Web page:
America has 5.8 million job openings


There were 5.8 million job openings in the United States in July, according to the Labor Department. That's much more than the previous high -- 5.4 million -- from last May, and the highest figure since the government began counting job openings in 2000.

The spike in job openings represents a mix of good and bad news.

On the upside, employers are hiring more and the U.S. economy is growing -- a healthy sign as concerns rise about the global economy potentially weighing down U.S. economic growth. In some respects, a large number of job openings indicate that America's job market is improving, economists say.

However, job openings also mean some employers can't find the right people to hire. Too many job openings represent a problem: The job skills gap in America, experts say.

Related: America's persistent problem: job skills gap

For years, experts have warned that Americans don't have the skills required for new job fields, especially in engineering, technical and science-related jobs.

"It's definitely a concern, and it should be a concern for anyone who cares about the future of U.S. workers," says Chris Tilly, an economics professor at U.C.L.A.

The issue is even getting attention from the White House. The Obama administration announced a $100 million initiative last December to improve the number of apprenticeship programs in the U.S.

On the other side, some argue that employers are raising the bar too high on job qualifications and don't want to take the time to train new workers.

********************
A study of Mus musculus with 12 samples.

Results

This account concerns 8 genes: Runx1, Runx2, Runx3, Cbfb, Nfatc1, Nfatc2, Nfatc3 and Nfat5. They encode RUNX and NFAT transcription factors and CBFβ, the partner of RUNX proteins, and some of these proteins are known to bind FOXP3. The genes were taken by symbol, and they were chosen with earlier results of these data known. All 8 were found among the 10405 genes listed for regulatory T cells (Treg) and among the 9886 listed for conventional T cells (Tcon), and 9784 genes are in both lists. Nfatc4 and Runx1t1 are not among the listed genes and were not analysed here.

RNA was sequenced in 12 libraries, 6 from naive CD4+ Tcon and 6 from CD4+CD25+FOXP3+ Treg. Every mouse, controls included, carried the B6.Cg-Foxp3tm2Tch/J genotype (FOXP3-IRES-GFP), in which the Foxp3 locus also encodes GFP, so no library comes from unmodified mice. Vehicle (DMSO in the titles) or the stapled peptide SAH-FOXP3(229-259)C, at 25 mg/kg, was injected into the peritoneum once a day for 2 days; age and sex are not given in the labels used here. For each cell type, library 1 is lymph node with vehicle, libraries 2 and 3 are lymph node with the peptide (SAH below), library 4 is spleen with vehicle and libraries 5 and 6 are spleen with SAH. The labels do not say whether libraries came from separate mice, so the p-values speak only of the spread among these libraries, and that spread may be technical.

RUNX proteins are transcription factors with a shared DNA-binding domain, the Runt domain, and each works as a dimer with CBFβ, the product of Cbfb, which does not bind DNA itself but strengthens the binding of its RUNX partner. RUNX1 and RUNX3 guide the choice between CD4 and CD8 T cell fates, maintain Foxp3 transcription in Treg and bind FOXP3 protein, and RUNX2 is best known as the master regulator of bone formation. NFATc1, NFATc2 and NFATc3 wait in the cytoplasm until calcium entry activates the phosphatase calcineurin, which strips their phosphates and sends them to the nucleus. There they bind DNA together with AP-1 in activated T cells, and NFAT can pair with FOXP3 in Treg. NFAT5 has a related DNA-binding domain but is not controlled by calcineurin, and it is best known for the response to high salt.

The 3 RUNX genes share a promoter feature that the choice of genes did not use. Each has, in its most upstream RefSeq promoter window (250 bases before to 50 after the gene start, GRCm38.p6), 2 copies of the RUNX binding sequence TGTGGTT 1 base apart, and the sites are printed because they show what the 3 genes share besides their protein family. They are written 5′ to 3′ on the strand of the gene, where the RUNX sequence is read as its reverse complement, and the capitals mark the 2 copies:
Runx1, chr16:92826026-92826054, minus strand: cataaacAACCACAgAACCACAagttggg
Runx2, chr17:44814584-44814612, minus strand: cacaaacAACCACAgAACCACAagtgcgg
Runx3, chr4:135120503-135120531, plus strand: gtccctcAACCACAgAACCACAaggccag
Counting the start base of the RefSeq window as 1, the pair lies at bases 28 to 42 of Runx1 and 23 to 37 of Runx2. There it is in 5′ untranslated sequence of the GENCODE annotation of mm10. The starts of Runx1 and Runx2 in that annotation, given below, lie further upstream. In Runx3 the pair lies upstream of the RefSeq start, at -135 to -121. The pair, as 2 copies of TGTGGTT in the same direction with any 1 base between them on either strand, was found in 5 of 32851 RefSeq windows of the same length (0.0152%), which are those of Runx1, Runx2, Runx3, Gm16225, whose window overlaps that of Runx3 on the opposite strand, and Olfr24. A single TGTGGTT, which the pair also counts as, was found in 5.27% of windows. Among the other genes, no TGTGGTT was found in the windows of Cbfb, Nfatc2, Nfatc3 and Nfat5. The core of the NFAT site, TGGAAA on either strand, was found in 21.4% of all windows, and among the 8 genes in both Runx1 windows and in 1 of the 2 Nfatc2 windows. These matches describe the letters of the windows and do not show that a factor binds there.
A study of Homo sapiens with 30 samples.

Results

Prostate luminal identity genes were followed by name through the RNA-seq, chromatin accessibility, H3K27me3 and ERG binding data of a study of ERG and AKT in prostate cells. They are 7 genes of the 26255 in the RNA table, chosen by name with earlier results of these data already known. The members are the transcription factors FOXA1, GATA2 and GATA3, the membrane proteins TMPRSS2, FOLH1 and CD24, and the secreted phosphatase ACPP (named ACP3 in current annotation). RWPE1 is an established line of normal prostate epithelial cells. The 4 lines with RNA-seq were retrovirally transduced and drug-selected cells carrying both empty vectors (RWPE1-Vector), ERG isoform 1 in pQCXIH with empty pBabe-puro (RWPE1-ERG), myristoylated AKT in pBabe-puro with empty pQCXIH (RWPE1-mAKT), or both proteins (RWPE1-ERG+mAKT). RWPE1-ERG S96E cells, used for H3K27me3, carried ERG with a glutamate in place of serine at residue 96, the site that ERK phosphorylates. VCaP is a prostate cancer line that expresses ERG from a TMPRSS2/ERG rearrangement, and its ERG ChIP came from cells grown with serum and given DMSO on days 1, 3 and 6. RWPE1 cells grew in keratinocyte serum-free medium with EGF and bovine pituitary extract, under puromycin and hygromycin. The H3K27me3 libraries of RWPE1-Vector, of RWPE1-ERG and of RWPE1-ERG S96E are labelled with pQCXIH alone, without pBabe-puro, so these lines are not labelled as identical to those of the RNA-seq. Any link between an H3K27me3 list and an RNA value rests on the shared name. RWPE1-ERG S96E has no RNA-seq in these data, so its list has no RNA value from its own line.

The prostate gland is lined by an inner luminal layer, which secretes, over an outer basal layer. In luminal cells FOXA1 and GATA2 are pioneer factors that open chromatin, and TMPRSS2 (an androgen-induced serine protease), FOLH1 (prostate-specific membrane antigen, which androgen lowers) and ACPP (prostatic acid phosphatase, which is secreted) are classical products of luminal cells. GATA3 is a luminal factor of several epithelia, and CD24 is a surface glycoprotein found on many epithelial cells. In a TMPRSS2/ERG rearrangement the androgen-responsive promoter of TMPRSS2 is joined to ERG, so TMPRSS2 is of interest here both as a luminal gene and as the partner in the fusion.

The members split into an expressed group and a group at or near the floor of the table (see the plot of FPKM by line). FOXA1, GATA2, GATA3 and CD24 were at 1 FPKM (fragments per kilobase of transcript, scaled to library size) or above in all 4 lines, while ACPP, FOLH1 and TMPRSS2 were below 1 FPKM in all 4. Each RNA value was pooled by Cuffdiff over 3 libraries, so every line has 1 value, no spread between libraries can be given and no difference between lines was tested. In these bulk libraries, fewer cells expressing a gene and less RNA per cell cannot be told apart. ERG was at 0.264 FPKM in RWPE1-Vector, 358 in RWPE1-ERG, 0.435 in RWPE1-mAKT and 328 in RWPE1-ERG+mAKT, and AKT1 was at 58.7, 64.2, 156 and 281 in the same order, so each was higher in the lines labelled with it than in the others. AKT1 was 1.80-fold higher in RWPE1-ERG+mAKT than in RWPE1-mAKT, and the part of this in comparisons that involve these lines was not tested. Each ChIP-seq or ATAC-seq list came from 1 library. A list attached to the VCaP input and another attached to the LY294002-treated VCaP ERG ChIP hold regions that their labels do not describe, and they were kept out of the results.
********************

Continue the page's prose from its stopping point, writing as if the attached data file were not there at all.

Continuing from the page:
Consider this: 65% of job postings for executive secretaries or administrative assistants require a college degree. But among current executive secretaries, only 19% have college degrees, according to Joseph Fuller, a Harvard Business School professor.

Related: America has the most job openings in 15 years

"Employers want ready-now people," says Fuller. "As you get to the type of labor market where we're in now, that's not going to be available in a lot of these jobs."

Despite employers' sometimes high demands, experts agree: At the core of the job skills problem is a lack of technical skills. Some Americans choose to go to a 4-year college when they might be better suited for a career as an electrician or plumber, experts say.

It's these 'middle skills' jobs -- ones that don't require a college degree but do require more than a high school diploma -- that aren't being filled, Fuller says.

"I can't solve the problems that my plumber and my electrician can solve," says Tilly. In those jobs: "You can make a fair amount of money."